Green Lantern: Rage of the Red Lanterns

Green Lantern: Rage of the Red Lanterns
Green Lantern - Rage of the Red Lanterns review
  • North American Publisher / ISBN: DC - 978-1-4012-2302-1
  • Volume No.: 7
  • Release date: 2010
  • UPC: 9781401223021
  • Contains adult content?: no
  • Does this pass the Bechdel test?: no
  • Positive minority portrayal?: yes
  • CATEGORIES: Superhero

Green Lantern graphic novels return to present day continuity, after the extremely satisfying interlude of Secret Origin, with Rage of the Red Lanterns picking up after the end of the Sinestro Corps War. An opening chapter touring around assorted Green Lanterns contemplating what they’ve been through means this isn’t a graphic novel to pick up at random, but anyone who has been following the continuity is treated to a thrill ride.

The opening three chapters are drawn by Mike McKone in his always graceful superhero style (sample spread left), and eventually open into a test of new guidelines introduced by the Guardians of the Universe during the Sinestro War. Due to the dire circumstances and the army of merciless foes, the Guardians removed their restriction on Green Lanterns being able to kill. In the aftermath the limitations of that are put to the test. Is a Green Lantern now allowed to be an executioner? Writer Geoff Johns was being provocative and stirring up controversy. That Green Lanterns are forbidden from using lethal force had been a guiding principle of the heroes fans had followed for decades, and to wipe it away at a stroke was a fundamental alteration of ideology that didn’t sit well with many. It was followed by the idea that the Guardians would actually oversee the executions of captured enemies, and the introduction of an elite police force to monitor the Green Lanterns. Their complications play out in Green Lantern Corps.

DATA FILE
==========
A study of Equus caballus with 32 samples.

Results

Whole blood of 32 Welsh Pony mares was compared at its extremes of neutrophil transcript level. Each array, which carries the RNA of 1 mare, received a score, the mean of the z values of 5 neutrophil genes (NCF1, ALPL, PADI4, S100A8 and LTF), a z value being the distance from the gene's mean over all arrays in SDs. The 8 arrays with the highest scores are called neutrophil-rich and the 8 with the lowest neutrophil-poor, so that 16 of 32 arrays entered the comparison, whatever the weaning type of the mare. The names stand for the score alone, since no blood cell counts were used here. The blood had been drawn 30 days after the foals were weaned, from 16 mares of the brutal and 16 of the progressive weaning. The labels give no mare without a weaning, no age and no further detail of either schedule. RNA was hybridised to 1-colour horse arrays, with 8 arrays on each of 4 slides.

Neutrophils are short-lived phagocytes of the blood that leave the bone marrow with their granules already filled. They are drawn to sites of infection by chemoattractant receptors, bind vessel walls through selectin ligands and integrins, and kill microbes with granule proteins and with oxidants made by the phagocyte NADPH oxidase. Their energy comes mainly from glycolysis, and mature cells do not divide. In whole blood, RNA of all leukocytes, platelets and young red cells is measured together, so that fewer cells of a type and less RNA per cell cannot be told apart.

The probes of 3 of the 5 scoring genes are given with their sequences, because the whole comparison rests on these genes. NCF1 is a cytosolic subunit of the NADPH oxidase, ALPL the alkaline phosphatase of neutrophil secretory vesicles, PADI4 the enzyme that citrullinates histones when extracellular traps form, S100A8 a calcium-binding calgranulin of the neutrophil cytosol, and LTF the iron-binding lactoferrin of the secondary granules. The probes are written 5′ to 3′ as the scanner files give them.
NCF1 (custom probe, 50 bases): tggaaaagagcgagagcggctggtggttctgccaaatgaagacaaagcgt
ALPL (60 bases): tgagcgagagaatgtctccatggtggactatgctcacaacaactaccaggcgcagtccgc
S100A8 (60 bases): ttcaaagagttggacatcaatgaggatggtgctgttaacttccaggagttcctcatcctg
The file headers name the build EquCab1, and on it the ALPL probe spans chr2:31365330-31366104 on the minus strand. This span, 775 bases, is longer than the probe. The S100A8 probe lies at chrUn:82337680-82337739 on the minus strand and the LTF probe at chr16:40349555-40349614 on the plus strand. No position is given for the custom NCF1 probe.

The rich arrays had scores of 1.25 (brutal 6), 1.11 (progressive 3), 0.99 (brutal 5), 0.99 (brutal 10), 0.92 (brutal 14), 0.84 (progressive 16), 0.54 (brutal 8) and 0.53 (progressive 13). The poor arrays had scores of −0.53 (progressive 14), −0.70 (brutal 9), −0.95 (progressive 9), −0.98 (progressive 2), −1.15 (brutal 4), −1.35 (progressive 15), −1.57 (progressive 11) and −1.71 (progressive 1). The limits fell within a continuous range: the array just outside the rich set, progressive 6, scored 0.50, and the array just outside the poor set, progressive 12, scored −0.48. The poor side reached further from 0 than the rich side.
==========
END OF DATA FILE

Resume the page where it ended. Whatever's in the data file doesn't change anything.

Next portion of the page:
Johns takes matters several steps further over the second three chapters. Different coloured rings drawing their power from other emotions were emphasised with Sinestro’s allies, and Johns introduces a whole range of rings connected to emotions. The Red Lanterns are fuelled by rage and require blood, plenty of it. Their rage may be justified, but the ends are very distasteful, even if subsequently matched by the introduction of the even more powerful Blue Lanterns and hints of others to come. Each has their own ring oath. Johns further courts controversy by Hal Jordan having no problem with the proposed execution of Sinestro. It’s the Batman/Joker philosophical exercise played out alternately. Batman knows if left alive the Joker will inevitably kill more people, so is Batman therefore responsible for those deaths if he refuses to kill the Joker? Jordan knows where he stands on that side of the argument.

Ivan Reis (sample art right) returns for most of this story after a decent opening chapter from Shane Davis. There’s not much separating the approach of McKone and Reis, and both are extremely talented, but Davis fits right in.

Accept the ethical decisions Johns has made, and this is another thrilling and surprising Green Lantern graphic novel to add to the others he’d already turned out, and he’s building toward something big in Agent Orange. However, for some this was no longer the Hal Jordan they’d grown up with.

This content can also be found in the oversized hardcover second volume of Green Lantern by Geoff Johns Omnibus.